Dominic Nolan, E-Commerce Marketing Officer at Nolan.UDA explains the role of various design elements in creating healthy living environments.
The term ‘Sick Building Syndrome’ (SBS) is often used in reference to the impact of structural design on the general wellbeing of the occupants of a building. SBS caused by structural factors such as ventilation and heating systems can affect individual performance in corporate, hospitality and education environments. Even design elements such as acoustics and visual aesthetics play an important role in creating a healthy learning environment.
There are three key areas of focus – acoustics, colour and comfort – that contribute to a high quality learning environment by supporting student development and effective teaching.
Well known acoustic consultant and Chairman of The Sound Agency, Julian Treasure shares his insights on the impact of sound on the living environment.
Treasure explains that ambience and atmosphere can affect a person on a physiological, psychological, behavioural and cognitive level. Sound subconsciously impacts general mood and mental wellbeing without the individual even realising it.
Secondly, acoustic wellbeing is influenced by the surrounding interference. Communication is based upon the transmission, receiving and interpretation of a frequency that occurs when one speaks; however interpretation is largely dependent on the surrounding environment. Reverberation occurs when sound is deflected across surfaces (particularly hard surfaces) and gradually distorts and decays. In an education situation, this means children sitting at the back of a classroom that has a lot of hard surfaces will potentially have a harder time understanding the teacher.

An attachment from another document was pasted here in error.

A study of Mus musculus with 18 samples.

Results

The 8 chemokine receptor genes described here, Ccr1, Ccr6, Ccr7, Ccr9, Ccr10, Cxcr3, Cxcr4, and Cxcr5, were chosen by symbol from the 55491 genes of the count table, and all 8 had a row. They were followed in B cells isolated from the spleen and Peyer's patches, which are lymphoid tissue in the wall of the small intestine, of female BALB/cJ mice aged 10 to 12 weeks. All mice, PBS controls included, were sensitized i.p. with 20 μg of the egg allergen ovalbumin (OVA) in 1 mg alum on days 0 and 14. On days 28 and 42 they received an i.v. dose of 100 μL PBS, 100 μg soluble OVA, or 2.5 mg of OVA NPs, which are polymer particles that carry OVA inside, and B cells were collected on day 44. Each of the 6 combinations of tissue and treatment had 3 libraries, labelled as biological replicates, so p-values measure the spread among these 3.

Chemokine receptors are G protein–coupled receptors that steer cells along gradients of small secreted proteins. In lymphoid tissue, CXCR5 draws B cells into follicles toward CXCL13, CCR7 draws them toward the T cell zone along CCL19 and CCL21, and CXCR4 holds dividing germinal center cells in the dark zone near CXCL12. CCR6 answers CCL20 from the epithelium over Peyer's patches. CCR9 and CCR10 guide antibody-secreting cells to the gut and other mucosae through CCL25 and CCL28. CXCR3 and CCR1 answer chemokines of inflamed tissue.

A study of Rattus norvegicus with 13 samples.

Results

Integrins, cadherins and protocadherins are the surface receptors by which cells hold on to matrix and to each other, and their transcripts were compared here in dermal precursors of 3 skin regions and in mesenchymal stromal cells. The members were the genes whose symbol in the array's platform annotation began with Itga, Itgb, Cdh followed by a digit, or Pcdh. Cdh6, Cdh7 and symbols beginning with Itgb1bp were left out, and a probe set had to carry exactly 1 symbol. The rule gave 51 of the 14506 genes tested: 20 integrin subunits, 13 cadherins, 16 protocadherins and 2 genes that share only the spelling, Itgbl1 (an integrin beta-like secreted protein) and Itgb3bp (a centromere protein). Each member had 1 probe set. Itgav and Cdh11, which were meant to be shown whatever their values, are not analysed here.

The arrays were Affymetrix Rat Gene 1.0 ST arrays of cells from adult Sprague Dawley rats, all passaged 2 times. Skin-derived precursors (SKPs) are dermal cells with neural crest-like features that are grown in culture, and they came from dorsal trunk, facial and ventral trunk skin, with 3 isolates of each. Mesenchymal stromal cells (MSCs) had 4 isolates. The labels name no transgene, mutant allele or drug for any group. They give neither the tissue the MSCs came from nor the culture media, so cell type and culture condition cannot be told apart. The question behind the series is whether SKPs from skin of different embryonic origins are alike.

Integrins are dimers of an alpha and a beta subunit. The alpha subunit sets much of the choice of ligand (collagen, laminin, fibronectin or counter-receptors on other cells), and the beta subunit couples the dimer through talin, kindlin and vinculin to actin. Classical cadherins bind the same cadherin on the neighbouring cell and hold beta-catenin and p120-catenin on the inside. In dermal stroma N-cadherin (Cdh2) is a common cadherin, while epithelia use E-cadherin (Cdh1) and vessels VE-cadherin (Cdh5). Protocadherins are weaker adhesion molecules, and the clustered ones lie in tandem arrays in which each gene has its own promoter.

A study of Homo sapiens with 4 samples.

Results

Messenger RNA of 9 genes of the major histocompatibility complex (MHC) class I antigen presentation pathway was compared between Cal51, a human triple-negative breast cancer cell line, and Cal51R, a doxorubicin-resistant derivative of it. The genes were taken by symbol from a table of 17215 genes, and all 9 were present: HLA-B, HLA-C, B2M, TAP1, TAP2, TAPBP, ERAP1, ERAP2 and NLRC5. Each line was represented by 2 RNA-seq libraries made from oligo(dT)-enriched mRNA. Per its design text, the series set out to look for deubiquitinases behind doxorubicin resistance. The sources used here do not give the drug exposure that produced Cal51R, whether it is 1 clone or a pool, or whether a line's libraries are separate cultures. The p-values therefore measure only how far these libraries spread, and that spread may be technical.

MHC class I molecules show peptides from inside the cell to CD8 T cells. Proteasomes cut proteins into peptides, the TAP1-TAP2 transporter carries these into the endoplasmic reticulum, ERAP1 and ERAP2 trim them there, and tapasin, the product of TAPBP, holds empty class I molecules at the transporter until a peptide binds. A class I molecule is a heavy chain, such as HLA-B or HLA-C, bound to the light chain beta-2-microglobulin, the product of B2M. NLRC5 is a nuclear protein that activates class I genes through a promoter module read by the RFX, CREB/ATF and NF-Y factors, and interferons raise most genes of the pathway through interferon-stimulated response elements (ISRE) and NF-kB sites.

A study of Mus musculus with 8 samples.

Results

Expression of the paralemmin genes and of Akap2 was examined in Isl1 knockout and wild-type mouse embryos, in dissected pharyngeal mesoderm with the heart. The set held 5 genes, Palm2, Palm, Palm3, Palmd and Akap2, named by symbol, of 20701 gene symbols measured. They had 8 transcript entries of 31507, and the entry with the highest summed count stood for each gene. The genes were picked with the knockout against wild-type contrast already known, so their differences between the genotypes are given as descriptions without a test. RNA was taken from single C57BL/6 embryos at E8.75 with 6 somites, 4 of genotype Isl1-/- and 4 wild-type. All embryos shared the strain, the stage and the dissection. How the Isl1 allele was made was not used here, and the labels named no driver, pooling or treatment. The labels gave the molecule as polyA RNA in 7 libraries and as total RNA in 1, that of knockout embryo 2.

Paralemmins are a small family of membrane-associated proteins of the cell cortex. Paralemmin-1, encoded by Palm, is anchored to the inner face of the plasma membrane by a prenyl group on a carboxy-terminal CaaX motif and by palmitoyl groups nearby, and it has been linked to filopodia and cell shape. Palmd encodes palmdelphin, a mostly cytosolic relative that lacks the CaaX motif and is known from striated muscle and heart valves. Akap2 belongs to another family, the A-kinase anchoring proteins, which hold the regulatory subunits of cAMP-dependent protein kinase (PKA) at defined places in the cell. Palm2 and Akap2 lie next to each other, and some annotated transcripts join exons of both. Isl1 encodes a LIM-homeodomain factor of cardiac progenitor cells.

Poor acoustics can also trigger the Lombard effect where speakers increase their volume when speaking in loud environments so that they are heard by the audience. However, this only leads to a louder environment as students try to talk over each other.
Similarly, colour has the ability to heal the Sick Building Syndrome. Seen as a potential remedy for some of the symptoms of SBS, a splash of colour can change the dynamics of a learning environment. Colour affects individuals at both sensory and repository levels. For example, light blue is proven to reduce eye strain, promote a calming atmosphere, trigger subconscious thoughts of the outdoors, and enhance concentration.
Flooring is another aspect of a potential SBS situation in indoor and outdoor education areas with a ripped or frayed carpet not only creating occupational health and safety issues, but also potentially impacting on the student’s subconscious wellbeing as well as their general school pride. School project briefs, therefore, require flooring solutions to be high quality and durable to provide both safety as well as aesthetics.
There is no single solution for the Sick Building Syndrome. However, SBS can be addressed through a number of simple design remedies. Acoustics and the flooring of a classroom can, for instance, promote a vibrant and inclusive learning environment that helps students achieve their full potential.